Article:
For struggling moms and families, SAFEchild provides support during pandemic
COVID-19 scuttled its usual face-to-face operations in 2020, but Cristin DeRonja, its executive director, said its services were needed even more as new moms found themselves more isolated than ever and families were holed up together for months on end without the regular outlets and activities.Posted — Updated
COVID-19 scuttled its usual face-to-face operations in 2020, but Cristin DeRonja, its executive director, said SAFEchild's services were needed even more as new moms found themselves more isolated than ever and families were holed up together for months on end.
"Parenting and raising children is a heavy lift every day," said DeRonja, a mother of four. "And no one in their right mind was prepared to parent in this way for such an extended period of time. And I think that really needs to be strongly considered by all communities. ... You can have tough moments as a parent that make parenting harder, but they don't typically last for this level of duration with this complexity that no one has a playbook for."
At the start of the pandemc, SAFEchild's staff quickly pivoted to respond, taking in-person activities virtual. The nonprofit serves families with kids ages 0 to 18. "In very simple terms," DeRonja said, "I am always just moved beyond tears that we've been able to be with our community."
SAFEchild's programs are many, but for individual parents, it offers workshops, classes and groups that aim to break negative parenting patterns and build healthier family relationships. "The gift that SAFEchild has given has been a regular, scheduled, cost effective, very accessible, barring any technology issues, platforms for families to see another family—to connect," she said.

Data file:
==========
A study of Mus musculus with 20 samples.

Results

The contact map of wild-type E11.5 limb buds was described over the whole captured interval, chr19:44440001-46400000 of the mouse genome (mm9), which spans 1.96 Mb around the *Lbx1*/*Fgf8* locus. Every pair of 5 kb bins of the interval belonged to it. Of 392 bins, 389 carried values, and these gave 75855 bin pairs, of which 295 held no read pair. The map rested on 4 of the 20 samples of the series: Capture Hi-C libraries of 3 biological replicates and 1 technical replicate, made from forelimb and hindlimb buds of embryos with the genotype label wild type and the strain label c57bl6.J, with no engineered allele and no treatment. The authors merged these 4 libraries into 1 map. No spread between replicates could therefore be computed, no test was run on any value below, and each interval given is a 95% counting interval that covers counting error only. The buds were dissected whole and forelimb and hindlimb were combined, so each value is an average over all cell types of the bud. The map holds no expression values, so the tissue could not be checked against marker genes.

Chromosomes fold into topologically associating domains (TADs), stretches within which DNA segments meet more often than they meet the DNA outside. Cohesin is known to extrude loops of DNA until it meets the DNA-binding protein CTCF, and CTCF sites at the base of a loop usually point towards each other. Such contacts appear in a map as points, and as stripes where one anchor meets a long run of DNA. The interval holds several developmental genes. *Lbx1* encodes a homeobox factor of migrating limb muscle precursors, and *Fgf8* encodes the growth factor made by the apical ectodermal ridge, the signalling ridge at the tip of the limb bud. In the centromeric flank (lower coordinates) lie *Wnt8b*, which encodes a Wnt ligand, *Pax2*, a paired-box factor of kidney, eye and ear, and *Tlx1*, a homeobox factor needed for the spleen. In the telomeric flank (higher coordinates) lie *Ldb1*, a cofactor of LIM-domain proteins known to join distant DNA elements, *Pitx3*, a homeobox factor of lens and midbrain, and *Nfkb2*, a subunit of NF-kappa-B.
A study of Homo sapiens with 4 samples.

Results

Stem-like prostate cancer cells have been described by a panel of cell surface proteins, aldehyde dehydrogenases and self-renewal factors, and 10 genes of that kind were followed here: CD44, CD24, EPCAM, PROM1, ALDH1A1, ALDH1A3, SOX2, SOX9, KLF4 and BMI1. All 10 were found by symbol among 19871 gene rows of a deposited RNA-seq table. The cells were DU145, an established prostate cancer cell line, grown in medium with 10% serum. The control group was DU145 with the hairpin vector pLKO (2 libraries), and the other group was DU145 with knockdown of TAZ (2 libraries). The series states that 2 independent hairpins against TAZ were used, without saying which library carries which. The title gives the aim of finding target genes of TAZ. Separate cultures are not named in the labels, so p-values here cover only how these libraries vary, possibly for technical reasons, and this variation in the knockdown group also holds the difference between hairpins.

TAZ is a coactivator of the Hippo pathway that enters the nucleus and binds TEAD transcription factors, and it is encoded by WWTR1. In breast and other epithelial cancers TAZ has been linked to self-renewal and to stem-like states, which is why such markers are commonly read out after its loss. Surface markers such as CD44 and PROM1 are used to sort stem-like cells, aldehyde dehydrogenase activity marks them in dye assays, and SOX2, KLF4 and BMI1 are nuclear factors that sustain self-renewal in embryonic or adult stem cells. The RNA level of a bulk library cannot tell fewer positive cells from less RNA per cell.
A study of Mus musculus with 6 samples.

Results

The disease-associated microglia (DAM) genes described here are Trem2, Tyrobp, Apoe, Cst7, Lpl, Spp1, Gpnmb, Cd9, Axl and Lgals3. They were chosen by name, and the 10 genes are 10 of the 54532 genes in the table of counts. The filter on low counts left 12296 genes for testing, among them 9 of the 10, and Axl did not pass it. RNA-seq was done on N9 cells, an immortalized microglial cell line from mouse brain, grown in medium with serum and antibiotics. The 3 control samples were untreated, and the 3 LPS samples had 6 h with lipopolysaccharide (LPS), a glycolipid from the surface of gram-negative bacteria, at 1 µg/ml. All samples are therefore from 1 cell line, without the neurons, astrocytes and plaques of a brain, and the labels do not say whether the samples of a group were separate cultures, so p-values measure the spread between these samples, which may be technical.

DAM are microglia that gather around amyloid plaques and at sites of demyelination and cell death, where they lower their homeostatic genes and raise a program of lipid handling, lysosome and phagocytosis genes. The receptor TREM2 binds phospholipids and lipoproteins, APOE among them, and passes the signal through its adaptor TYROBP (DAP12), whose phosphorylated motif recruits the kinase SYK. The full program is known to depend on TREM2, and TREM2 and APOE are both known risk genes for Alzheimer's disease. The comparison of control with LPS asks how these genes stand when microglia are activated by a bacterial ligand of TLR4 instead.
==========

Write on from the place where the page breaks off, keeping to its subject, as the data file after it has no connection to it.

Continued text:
Here's what SAFEchild offers and how you can get involved. All of SAFEchild's programs are free.
Moms Supporting Moms
"It's an open, ongoing support group that really focuses in on that first year of the baby's life and that stage of parenting and child development," DeRonja said.
Sessions are Tuesday mornings and Thursday evenings and women can join in at any time.
Check out this really touching video featuring Anna, a local mom who found support through Moms Supporting Moms. "The amount of time in between th tears were getting shorter and shorter," she says.
SAFEchild also offers a WarmLine for moms and families who need to reach out. It's not a 24/7 crisis line, DeRonja said, but it is staffed by trained volunteers who can help with concerns.
"Sometimes they are just looking for support and don't know where to go," she said.
You can call the WarmLine at 919-454-6946 or text 910-898-2139.
Pre-COVID, a trained mom would visit with another mom and baby during the baby's first year of life. It's still a home-based visiting program, but now the visits happen virtually. Volunteers, however, may still deliver diapers, formula and books in a socially distanced manner. SAFEchild also has partnered with The Green Chair Project to provide cribs as well through this program. "The better sleep mom gets because baby has a safe place to sleep, that helps everyone too," DeRonja said.
Mentors check in on moms as needed, typically once a week or every other week.
Parents also can sign up for parenting classes that fit their specific needs and stage of parenting. In addition to Moms Supporting Moms, SAFEchild has programs for men and families with school age kids. The Circle of Security Program works to strengthen the bonds between kids and parents. The PLUS program helps parents learn how to better communicate with their kids.
Going forward, DeRonja said mental health needs to be a focus as we emerge from the pandemic.
"What I hope, as we continue down this road of vaccination, so much focus has been on the physiological well-being of our world," she said. "But we're really going to have to start focusing on the psychological well-being of our world and what this has meant to us. I'm very hopeful that the rhetoric and narrative will balance out."